Author: J.M. Darhower
Series: Forever Series, book #1
Publisher: Gallery Books
Publication Date: February 25, 2014
Source: received from publisher via Edelweiss
Purchase: Amazon | Barnes & Noble
A sexy novel about two seventeen-year-olds—one a victim of human trafficking; the other the son of the man who enslaved her—who fall in love and question everything they ever believed…
Haven Antonelli and Carmine DeMarco grew up under vastly different circumstances. Haven, a second-generation slave, was isolated in the middle of the desert, her days full of hard work and terrifying abuse. Carmine, born into a wealthy Mafia family, lived a life of privilege and excess.
Now, a twist of fate causes their worlds to collide. Entangled in a web of secrets and lies, they learn that while different on the surface, they have more in common than anyone would think.
In a world full of chaos, where money and power rule, Haven and Carmine yearn to break free, but a string of events that began before either of them were born threatens to destroy them instead. Murder and betrayal are a way of life, and nothing comes without a price—especially not freedom. But how much will they have to sacrifice? Can they escape their pasts? And, most of all, what does it mean to be free?
Wow. If Sara's love for this novel hadn't come through loud and clear in her review, I might not have ever given this book a chance, and that's a shame. But I did read it, and I kinda sorta loved it. And I trust Sara's judgment, but that still comes as a surprise to me because this book is really out of my comfort zone. Sure, I like books featuring crime and the mob in one fashion or another, like the Curse Workers series by Holly Black, but with the human-trafficking aspect and all the violence, this book seemed too real and not at all like something I'd typically enjoy.
Boy, was I wrong. Because one of the things I like to read about best is a morally ambiguous character, and Sempre is chock-full of them. The characters in this book are malicious, vindictive and all around horrible human beings. Most of them, anyway. And yet...and yet, I couldn't make myself hate them. Not all of them, anyway. The point I'm trying to make is that no matter how much I wanted to be disgusted with their actions, with their behavior, wanted to judge them as reprehensible and be done with them, I just couldn't bring myself to do it. Because deep down, I wanted to believe that they had it in their hearts to do the right thing, when it all came down to it. Most especially Dr. DeMarco.
The writing in this story was realistic. It felt legitimate, not that I'd really know what legitimate was when it came to a mafia family, but it read as genuine. Less like the BS you'd find in a crime drama on TV and more like the dialogue you'd see between family members who care about each other but never really quite understand one another and their position. Without all the gun-toting and violence, this could be a typical family, still grieving over the loss of their matriarch, years after her death.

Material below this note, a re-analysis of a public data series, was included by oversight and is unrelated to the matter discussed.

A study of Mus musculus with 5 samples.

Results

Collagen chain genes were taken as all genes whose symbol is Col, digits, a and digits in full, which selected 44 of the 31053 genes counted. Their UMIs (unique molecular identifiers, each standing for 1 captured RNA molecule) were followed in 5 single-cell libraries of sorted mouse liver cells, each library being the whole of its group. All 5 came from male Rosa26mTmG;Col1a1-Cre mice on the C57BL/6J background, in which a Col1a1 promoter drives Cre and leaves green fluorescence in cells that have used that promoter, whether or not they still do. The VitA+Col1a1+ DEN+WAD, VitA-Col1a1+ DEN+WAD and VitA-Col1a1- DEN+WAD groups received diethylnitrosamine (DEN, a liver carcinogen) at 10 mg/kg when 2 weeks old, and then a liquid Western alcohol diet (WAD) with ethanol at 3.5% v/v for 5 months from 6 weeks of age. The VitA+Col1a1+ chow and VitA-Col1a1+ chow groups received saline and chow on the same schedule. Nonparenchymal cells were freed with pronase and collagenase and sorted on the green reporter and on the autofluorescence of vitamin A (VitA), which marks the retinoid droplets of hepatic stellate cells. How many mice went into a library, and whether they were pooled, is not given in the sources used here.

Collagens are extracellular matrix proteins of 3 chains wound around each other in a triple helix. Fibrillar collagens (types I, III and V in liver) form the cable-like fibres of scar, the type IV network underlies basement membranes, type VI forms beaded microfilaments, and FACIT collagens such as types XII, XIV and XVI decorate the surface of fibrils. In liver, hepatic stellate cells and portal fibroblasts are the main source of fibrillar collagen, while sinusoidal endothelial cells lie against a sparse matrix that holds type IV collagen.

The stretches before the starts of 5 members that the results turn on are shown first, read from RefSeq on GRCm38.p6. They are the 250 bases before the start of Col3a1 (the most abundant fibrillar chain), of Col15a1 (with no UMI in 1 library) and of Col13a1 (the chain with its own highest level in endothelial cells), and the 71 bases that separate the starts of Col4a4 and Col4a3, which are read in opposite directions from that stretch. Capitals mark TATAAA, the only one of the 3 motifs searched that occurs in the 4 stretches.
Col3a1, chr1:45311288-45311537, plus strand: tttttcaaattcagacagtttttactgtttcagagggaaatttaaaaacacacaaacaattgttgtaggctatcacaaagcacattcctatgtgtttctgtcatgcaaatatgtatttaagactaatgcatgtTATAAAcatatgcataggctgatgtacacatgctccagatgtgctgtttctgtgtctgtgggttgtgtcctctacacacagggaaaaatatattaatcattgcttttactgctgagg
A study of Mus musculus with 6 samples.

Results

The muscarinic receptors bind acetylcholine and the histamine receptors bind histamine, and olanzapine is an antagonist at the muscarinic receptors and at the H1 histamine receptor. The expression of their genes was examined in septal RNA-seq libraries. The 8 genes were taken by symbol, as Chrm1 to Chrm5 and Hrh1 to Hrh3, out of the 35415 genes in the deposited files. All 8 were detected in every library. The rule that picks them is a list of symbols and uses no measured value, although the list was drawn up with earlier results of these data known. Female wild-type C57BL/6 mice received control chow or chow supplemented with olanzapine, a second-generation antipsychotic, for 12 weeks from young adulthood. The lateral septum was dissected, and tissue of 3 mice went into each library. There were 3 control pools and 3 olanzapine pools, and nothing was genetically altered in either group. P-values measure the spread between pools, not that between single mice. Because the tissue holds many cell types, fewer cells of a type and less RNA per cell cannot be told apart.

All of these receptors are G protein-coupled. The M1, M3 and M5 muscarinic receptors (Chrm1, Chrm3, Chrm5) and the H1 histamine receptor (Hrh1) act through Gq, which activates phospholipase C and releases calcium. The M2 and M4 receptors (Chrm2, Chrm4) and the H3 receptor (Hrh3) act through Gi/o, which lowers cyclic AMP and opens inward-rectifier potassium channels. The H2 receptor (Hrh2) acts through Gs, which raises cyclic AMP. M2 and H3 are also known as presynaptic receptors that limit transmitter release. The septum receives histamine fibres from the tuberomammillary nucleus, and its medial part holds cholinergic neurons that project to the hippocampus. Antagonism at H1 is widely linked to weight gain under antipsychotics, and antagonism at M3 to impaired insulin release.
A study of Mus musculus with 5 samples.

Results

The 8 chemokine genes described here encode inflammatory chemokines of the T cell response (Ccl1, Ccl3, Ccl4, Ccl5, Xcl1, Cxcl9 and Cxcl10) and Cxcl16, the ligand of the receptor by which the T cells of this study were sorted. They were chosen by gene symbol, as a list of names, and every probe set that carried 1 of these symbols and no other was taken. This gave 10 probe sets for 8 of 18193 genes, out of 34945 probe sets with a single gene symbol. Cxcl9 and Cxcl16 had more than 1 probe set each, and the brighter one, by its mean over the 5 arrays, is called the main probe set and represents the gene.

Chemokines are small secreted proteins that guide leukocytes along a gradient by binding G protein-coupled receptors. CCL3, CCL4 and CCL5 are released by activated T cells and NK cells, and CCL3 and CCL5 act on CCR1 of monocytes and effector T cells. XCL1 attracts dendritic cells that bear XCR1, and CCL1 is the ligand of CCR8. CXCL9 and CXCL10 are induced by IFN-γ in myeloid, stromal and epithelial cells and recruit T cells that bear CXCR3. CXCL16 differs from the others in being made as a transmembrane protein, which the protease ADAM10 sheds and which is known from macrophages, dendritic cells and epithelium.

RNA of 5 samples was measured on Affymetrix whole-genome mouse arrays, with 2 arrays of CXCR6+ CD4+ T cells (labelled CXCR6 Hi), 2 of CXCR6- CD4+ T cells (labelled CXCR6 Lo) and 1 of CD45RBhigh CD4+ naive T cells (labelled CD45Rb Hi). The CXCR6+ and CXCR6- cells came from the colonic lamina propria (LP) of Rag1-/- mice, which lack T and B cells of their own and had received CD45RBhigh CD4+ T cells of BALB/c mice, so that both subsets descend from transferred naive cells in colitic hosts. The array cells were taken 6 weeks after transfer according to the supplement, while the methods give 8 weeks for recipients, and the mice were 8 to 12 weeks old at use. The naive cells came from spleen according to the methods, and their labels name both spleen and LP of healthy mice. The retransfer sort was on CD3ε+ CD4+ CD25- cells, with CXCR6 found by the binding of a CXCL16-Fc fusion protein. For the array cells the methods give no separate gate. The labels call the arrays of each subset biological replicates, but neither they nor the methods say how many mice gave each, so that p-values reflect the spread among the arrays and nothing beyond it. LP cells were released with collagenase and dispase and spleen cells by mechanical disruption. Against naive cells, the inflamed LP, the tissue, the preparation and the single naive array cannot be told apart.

I read this book several weeks ago, but it has really stuck with me. Aside from the issue of human slavery, I think the romance was the focal point, but it was handled in a way that didn't overshadow the other issues at large. When you meet Carmine, he's
I wouldn't exactly call this novel a foray into new adult because the main characters are still high school age, but there are definitely situations that are not suitable for a younger audience. There is a lot of language that some might find offensive (I'm not one of them), there are sexual encounters, there is an unbelievable amount of violence (some that leads to death), but worst of all is the human trafficking. I think that subject was explored at length and in-depth, and though it's not something that anyone will ever be comfortable with, I applaud the author for being so open and honest about it and the repercussions, the fact that slavery is still a very real issue today, decades and decades after it was officially abolished.
This novel started out as a self-published piece, which was later picked up by Gallery Books for distribution, but you'd never know it. It doesn't suffer from a lack of editing. It doesn't suffer from over-used tropes or poor characterization. Sempre is just a beautifully sad story of expectations, longing, and loss, infused with gorgeous Italian phrases, and heartbreakingly told through the eyes of several of the characters. If you enjoy stories that open your eyes to the horrors of the world, or if you're willing to step out of your comfort zone in order to experience one that will, I highly recommend this novel.
GIF it to me straight:
About the author:
JM Darhower is the author of the New Adult Sempre series (Sempre & Sempre: Redemption), andthe paranormal romance novella, Extinguish. She lives in a tiny town in the Carolinas with her family, where she churns out more words than will ever see the light of day. She has a deep passion for politics and human rights, and when she isn’t writing she’s usually ranting about those things. Chronic crimper with a vulgar mouth, she admits to having a Twitter addiction. You can find her there.